CAC is always reading work-related and job search oriented content to make sure we keep fresh perspectives in our mix. We recently came across an article from CNBC we thought may be helpful for our community looking for work. In the article, millionaire Steve Adcock said 90% of your early success comes down to your ability to nail job interviews. There are many reasons why a cancer patient/survivor might be looking for a new job during or after cancer treatment. While working in technology before his retirement at age 35, Adcock interviewed more than 100 candidates and was surprised at how many weren't able to make it to the second round.
Whether you are re-entering the workforce or looking to change careers post-cancer treatment, the interview is an essential piece of job search process, and you’ll want to be the savviest candidate you can be. There are many approaches to interviewing and not one single right way to go, so you’ll have to do what feels personal right to you. Here are the key tips Adcock shares for what he thinks would make a successful interview:
- Always dress professionally. Do not worry about being overdressed. If you dress too casually, it shows poor judgement and a lack of consideration, while on the flip side, no one will think less of you if you overdress.
- Come prepared with a notebook and pen to look ready and organized. To help with symptoms like “chemobrain” or “brain-fog”, Cancer and Careers recommends having one centralized notebook where you write down everything. This way, you only have to remember one item.
- When asked about your “biggest weakness”, Adcock recommends being honest about what your biggest weakness really is and what you’ve done so far to improve. However, at Cancer and Careers, our staff and professional career coaches recommend a similar but slightly different approach. We recommend picking a true weakness and what you’ve done so far to improve, but not picking something critical to the job you are applying for. For example, if public speaking is a big part of your new role, such as a teacher or a sales rep, you may not want that to be the main focus of your weakness answer. On the other hand, if you are applying for a role that doesn’t involve a ton of public speaking like, a data analyst, you may say, "I tend to feel a little nervous about public speaking, so I am seeking more opportunities to practice giving presentations to our audience." The interviewer wants to measure your self-awareness and your problem-solving skills.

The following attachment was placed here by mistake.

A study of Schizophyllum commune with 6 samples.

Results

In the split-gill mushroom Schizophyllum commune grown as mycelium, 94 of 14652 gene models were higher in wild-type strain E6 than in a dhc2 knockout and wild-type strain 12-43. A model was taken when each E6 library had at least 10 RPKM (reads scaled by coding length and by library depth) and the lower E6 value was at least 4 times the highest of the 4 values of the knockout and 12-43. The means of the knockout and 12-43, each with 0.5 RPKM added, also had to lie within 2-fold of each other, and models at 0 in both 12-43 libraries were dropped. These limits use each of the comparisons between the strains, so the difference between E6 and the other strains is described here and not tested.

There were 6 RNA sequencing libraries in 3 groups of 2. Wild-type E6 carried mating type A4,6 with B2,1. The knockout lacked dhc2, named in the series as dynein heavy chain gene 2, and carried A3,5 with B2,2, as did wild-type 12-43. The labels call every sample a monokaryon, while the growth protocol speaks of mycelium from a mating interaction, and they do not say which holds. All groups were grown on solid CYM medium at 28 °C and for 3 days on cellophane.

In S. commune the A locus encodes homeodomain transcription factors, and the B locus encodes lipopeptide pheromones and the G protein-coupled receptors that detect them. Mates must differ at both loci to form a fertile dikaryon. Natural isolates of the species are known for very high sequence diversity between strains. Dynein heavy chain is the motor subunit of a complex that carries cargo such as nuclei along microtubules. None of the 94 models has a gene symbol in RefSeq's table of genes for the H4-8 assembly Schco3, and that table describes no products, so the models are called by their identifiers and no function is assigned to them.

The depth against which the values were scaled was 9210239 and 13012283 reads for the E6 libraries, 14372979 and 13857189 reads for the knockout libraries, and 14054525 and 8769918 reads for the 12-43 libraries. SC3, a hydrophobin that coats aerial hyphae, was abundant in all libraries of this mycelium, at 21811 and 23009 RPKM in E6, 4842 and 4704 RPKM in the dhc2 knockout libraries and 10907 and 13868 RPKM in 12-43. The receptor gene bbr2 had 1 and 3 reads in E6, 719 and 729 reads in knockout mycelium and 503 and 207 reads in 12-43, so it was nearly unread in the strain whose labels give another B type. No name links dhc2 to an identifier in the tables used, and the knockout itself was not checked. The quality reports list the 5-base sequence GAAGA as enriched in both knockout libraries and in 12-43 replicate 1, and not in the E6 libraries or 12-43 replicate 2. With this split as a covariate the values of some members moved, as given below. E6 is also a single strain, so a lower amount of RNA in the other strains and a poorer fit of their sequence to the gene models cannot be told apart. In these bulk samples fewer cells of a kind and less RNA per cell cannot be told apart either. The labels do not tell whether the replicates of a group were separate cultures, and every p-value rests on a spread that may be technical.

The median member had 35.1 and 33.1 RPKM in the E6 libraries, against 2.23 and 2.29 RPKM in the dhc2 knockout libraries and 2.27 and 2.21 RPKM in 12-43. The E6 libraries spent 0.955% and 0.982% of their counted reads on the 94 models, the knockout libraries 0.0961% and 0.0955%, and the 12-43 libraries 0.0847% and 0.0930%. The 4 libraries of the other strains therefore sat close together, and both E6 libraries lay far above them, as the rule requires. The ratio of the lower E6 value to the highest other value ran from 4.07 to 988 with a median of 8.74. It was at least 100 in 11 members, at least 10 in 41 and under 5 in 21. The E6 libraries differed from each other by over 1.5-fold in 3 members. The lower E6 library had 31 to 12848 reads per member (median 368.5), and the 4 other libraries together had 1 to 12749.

- Emphasize your ability to problem solve. It is ok to talk about mistakes – just focus on how you learned from it, recovered and what you would do going forward.
- Always prepare two or more questions. Adcock suggestions that these questions should show you have a growth mindset and will be immediately valuable to the team. His examples include "What's one challenge you regularly face in our job?", "What are the most pressing projects that need attention?", "Will there be opportunities for stretch assignments where I can learn and use new skills?" and "Does the company offer training programs to employees". It's okay to have these written down even if the interview is in person.
- Use personal examples when answering. Share a story that is engaging and makes the interview more interesting. This will help you be more memorable and stand out amongst the rest.
These are just a few interview tips and techniques. If you are looking for more tips on how to ace the interview, such as using The Swivel to answer difficult questions, click here.
In addition, you may be interested in downloading or ordering our Job Search Toolkit for advice and support on all aspects of the job search from resume writing, to networking, to interviews and more.